Working With Data Maps
If you want to know how to configure and install SQLMap,
see the Installation and
But if you want to know how SQLMap really
works, continue from here.
The Data Map definition file is where the interesting stuff happens. Here, you
define how your application interacts with your database. As mentioned, the
Data Map definition is an XML descriptor file. By using a service routine
provided by SQLMap, the XML descriptors are rendered into a client object (or
Mapper). To access your Data Maps, your application calls the client object
and passes in the name of the statement you need.
The real work of using SQLMap is not so much in the application code, but in
the XML descriptors that SQLMap renders. Instead of monkeying with application
source code, you monkey with XML descriptors instead. The benefit is that the
XML descriptors are much better suited to the task of mapping your object
properties to database entities. At least, that's our own experience with our
own applications. Of course, your mileage may vary.
What's in a Data Map definition file, anyway?
If you read the Tutorial, you've already
seen some simple Data Map examples like the one below.
<?xml version="1.0" encoding="UTF-8" ?>
<insert id="InsertLineItem" parameterClass="LineItem">
INSERT INTO [LinesItem]
(Order_Id, LineItem_LineNum, Item_Id, LineItem_Quantity, LineItem_UnitPrice)
(#Order.Id#, #LineNumber#, #Item.Id#, #Quantity#, #Item.ListPrice#)
This map takes some properties from a LineItem instance and merges the
values into the SQL statement. The value-add is that our SQL in separated from
our program code, and we can pass our LineItem instance directly to a
No fuss, no muss.
A Quick Glance at Inline Parameters
Say we have a mapped statement element that looks like this:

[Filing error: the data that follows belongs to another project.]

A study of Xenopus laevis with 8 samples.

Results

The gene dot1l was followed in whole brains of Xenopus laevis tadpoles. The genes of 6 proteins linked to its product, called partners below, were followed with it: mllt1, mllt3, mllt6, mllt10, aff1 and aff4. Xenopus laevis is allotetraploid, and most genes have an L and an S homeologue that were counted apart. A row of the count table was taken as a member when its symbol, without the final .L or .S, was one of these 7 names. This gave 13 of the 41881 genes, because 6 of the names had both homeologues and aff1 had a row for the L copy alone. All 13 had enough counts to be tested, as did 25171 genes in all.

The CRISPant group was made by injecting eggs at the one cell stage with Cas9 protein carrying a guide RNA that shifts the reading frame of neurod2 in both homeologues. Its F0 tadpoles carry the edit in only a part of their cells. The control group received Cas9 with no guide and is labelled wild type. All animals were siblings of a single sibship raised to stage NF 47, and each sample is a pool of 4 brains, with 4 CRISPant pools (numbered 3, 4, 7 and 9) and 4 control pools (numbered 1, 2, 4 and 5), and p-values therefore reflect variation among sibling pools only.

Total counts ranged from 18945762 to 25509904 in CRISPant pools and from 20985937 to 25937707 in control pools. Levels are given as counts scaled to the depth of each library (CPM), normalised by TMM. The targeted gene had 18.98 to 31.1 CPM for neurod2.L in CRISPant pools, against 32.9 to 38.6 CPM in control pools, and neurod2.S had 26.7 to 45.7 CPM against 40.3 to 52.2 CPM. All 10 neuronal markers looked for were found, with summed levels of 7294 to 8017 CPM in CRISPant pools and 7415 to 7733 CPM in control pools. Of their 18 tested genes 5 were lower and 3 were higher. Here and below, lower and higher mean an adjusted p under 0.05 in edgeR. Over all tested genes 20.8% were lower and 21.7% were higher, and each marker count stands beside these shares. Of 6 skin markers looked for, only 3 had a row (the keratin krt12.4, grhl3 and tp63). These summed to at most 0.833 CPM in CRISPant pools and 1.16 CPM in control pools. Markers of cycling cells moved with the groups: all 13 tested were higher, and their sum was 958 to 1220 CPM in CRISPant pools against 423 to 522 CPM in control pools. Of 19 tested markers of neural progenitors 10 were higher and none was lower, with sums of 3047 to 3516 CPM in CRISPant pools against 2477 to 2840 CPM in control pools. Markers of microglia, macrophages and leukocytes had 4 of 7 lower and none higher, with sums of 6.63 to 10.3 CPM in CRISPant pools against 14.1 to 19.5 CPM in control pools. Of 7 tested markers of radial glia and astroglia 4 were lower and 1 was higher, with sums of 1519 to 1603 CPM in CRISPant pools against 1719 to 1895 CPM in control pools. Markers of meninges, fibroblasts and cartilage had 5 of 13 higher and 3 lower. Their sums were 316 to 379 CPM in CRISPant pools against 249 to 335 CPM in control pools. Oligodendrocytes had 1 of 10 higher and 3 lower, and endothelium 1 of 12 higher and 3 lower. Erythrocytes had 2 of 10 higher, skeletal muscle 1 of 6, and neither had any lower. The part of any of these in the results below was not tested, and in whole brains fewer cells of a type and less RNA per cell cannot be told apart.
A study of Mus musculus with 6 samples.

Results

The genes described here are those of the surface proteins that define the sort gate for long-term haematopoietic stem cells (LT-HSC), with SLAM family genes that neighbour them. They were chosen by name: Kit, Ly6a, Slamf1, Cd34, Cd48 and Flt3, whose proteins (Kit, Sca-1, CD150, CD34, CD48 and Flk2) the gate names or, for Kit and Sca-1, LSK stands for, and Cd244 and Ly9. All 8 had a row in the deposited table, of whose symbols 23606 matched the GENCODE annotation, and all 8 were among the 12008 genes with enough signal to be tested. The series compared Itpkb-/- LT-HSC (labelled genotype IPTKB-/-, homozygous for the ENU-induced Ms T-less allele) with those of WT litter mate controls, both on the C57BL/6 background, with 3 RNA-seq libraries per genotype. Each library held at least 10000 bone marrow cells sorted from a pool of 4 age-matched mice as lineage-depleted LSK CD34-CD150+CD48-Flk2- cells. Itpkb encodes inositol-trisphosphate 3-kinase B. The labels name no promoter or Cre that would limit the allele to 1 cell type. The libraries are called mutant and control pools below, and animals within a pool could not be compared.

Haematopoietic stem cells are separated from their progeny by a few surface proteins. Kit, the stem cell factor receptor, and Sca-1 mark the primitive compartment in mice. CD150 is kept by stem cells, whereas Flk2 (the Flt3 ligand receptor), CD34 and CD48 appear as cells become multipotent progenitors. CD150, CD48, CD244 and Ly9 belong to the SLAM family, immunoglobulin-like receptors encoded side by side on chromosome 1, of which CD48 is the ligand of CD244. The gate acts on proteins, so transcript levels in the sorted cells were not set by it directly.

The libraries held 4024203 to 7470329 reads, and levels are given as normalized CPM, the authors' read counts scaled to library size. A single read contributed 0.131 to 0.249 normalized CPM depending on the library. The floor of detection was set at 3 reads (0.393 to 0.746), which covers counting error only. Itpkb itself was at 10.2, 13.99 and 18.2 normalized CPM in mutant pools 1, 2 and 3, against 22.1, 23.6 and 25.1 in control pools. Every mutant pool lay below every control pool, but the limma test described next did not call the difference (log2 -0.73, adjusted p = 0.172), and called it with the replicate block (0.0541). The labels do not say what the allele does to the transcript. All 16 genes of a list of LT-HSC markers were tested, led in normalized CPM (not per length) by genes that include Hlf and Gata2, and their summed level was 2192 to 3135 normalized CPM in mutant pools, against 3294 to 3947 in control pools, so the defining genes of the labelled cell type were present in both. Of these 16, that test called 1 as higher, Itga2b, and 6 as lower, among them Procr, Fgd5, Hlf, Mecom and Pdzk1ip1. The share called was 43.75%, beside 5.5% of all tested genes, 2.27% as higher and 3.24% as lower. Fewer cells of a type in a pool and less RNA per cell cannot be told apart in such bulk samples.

insert into Products (Product_Id, Product_Description)
values (#Id#, #Description#);
The inline parameters here are #Id# and #Description#. Let's
also say that we have an object with the properties Id and
Description. If we set the object properties to 5 and "dog",
respectively, and passed the object to the mapped statement, we'd end up with
a runtime query that looked like this:
insert into Products (Product_Id, Product_Description) values (5, 'dog');
See inline parameters
for further details.
But, what if you wanted some ice cream with that pie? And maybe a cherry on
top? What if we wanted to cache the result of the select? Or, what if we
didn't want to use SQL aliasing or named parameters. (Say, because we were
using pre-existing SQL that we didn't want to touch.)
The following example shows a Data Map that specifies a cache, and uses a
<parameterMap> and a <resultMap> to keep our SQL pristine.
<?xml version="1.0" encoding="UTF-8" ?>
<cacheModel id="productCache" type="LRU">
<property name="CacheSize" value="1000" />
<resultMap id="productResult" class="Product">
<result property="Id" column="Product_Id"/>
<result property="Description" column="Product_Description"/>
<select id="GetProduct" parameterMap="productParam" cacheModel="productCache">
select * from Products where Product_Id = ?
<parameterMap id="productParam" class="Product">
In the above example, <parameterMap> maps the SQL "?" to the
product Id property. The <resultMap> maps the columns to our object
properties. The <cacheModel> keeps the result of the last one thousand of
these queries in active memory for up to 24 hours.
The above example is longer and more complex than
the previous example, but considering what you get in return, it seems
like a fair trade. (A bargain even.)
Many agile developers would start with something like
the first example and add features like caching later. If you changed
the Data Map from the first example to the second example, you
would not have to touch your application source code at all. You can start
simple and add complexity only when it is needed.
A single Data Map definition file can contain as many Cache Models, Result Maps,
Parameter Maps, and Mapped Statements (including stored
procedures), as you like. Everything is loaded into the same configuration, so
you can define elements in one Data Map and then use them in another. Use
discretion and organize the statements and maps appropriately for your
application by finding some logical way to group them.